It's hard to put Arkansas' 2010 season into historical context. After all, there was no division title, and the Razorbacks' first-ever BCS bowl appearance (and fourth major bowl appearance since joining the SEC in 1992) went poorly. This might not matter a great deal in the history books when the NCAA finishes with Ohio State, but I digress.
No question, this was's best team at Arkansas, and -- given that his Louisville teams played in Conference USA and the Big East and his Falcons team was a train wreck -- maybe Petrino's best team ever. But it falls somewhat unevenly in the annals of Arkansas history.
It was only the second 10-win season since Arkansas joined the SEC. And a bowl loss is nothing new for the Hogs, who are 3-8 in postseason games since joining the league. (For context, they were a less-than-stellar 9-14-3 before that.) But going to a BCS bowl, again, is something Arkansas has not done since the series began more than a decade ago. So this was not your run-of-the-mill Arkansas team.
On the other hand, the Hogs have won the SEC West three times in their history -- and didn't in 2010. (They did finish tied for second place with LSU, whom the Hogs defeated.) And while the rarefied air of the BCS has eluded them, the almost-equal air of the Cotton Bowl has not. Before the Razorbacks joined the SEC, they went to one of the postseason games that would become BCS bowls eight times as a member of the Southwest Conference.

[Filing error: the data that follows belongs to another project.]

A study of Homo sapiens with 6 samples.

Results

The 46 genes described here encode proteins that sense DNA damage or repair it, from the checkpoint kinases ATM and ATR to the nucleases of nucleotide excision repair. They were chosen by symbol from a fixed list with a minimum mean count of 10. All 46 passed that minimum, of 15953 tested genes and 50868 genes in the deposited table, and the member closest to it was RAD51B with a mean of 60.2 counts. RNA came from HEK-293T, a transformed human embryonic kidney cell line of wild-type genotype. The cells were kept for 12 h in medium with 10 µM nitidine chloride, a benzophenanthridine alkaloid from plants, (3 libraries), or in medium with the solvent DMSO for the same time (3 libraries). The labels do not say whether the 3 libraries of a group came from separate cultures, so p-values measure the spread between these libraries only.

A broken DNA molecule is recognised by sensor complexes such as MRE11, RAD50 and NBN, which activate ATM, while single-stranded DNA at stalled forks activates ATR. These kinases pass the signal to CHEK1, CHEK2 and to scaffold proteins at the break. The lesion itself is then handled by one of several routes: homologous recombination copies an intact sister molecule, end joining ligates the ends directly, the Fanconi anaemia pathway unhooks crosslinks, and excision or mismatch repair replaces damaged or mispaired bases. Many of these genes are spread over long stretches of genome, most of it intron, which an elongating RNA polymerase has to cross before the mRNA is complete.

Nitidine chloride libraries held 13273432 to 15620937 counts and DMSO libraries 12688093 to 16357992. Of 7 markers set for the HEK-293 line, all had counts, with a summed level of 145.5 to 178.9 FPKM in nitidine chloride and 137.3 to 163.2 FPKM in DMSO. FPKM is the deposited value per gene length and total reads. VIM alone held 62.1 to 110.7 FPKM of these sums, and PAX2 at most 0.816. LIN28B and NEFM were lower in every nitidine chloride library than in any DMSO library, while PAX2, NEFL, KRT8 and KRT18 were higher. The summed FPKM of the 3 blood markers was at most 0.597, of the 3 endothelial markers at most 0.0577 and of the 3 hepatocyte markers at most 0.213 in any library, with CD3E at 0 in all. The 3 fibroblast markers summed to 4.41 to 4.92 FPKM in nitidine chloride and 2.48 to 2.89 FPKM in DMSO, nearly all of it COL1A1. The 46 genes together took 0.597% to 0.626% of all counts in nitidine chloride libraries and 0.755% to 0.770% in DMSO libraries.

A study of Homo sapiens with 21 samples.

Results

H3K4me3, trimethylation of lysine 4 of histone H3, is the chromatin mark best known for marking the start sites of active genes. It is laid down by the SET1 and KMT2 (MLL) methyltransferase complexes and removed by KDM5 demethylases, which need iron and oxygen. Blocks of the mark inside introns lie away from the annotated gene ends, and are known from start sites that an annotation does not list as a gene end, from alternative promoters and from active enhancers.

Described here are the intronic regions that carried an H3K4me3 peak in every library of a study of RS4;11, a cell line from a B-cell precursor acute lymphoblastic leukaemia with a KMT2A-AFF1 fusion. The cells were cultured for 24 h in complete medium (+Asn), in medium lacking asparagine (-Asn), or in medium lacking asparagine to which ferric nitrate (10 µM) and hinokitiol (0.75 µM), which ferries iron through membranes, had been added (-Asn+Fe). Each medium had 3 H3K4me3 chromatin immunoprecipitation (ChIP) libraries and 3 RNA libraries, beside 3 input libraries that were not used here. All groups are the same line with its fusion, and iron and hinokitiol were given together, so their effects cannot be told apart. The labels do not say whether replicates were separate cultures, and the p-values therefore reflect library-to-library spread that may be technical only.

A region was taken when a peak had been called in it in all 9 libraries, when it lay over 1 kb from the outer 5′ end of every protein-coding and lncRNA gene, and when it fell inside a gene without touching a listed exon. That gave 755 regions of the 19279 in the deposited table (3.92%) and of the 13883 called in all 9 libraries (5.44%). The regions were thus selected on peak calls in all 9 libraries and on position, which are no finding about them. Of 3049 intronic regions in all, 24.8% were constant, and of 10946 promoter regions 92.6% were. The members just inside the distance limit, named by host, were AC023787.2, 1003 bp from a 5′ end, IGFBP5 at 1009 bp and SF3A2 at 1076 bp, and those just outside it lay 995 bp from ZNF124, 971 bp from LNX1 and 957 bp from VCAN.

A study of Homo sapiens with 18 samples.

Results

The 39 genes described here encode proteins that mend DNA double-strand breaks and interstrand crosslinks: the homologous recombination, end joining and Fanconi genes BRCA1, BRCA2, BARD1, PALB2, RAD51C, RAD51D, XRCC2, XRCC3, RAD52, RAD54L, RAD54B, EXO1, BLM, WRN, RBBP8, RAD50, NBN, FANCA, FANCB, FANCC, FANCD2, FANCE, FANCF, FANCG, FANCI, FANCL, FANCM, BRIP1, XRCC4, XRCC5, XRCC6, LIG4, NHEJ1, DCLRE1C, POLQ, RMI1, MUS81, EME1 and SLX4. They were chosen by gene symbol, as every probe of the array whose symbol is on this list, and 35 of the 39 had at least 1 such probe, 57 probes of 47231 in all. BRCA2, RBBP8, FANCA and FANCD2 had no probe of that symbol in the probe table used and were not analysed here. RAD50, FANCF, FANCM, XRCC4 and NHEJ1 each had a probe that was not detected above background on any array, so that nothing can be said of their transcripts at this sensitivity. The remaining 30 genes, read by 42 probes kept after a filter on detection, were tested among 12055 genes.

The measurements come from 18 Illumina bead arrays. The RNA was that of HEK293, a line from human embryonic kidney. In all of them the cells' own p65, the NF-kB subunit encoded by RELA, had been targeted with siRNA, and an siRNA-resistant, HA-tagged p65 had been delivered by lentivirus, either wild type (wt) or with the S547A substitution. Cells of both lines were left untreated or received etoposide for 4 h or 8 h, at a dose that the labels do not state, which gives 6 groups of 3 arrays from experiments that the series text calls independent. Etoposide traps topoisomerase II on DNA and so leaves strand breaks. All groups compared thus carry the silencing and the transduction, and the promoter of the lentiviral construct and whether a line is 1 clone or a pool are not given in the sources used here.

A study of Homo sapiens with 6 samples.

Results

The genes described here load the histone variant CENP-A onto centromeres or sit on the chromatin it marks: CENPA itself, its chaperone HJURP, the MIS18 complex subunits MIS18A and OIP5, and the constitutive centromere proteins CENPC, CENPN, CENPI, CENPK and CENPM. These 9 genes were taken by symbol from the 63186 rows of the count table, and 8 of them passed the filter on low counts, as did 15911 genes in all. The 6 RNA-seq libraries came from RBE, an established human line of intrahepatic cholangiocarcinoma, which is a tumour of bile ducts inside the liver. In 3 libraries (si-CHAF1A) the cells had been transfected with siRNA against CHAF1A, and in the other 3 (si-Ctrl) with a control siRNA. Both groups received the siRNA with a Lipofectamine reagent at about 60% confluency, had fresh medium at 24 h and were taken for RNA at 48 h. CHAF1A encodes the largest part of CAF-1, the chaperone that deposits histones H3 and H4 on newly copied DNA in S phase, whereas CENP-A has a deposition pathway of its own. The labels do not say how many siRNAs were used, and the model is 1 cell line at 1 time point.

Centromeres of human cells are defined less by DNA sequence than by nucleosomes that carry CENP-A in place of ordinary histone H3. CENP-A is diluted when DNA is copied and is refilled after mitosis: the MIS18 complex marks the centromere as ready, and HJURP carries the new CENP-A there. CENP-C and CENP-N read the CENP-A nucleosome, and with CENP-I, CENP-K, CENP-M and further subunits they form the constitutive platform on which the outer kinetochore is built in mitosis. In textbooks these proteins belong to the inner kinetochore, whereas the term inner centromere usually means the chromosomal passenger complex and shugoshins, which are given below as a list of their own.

But this time felt a bit different. After all, Arkansas might have had a shot at the SEC West title and the conference championship if it weren't for Cam Newton's transfer to Auburn. (And given the shelling they delivered to South Carolina in the regular season game, it's not difficult to see the Hogs demolishing the Gamecocks again in the Georgia Dome.)
And it's not like Arkansas has always earned its showing in the title game. In 2002, the Razorbacks went because a certain team was banned from postseason play. (Alabama. I was going to make you guess, but then I realized there are so many candidates in the SEC West. Apologies.)
It was also different because, right or wrong, this is the way Arkansas fans seem to want to win games. They chased Houston Nutt from Fayetteville because his offenses had become predictable, and his results just as predictably erratic. Petrino's pass-happy scheme meaning rang up yardage in 2010 -- quarterback Ryan Mallett's 3,869 yards passing -- despite injury -- was the best in Arkansas history by more than 200 yards, beating out Mallett's 2009 campaign. The closest competitor after that was the 2,629-yard season Clint Stoerner had in 1998.
Of course, Mallett is gone. But he exits with one of the better seasons in Arkansas history under his belt.
And maybe the question of where that season stacks up isn't all that important. What's more critical is whether Petrino and Arkansas can repeat without Mallett.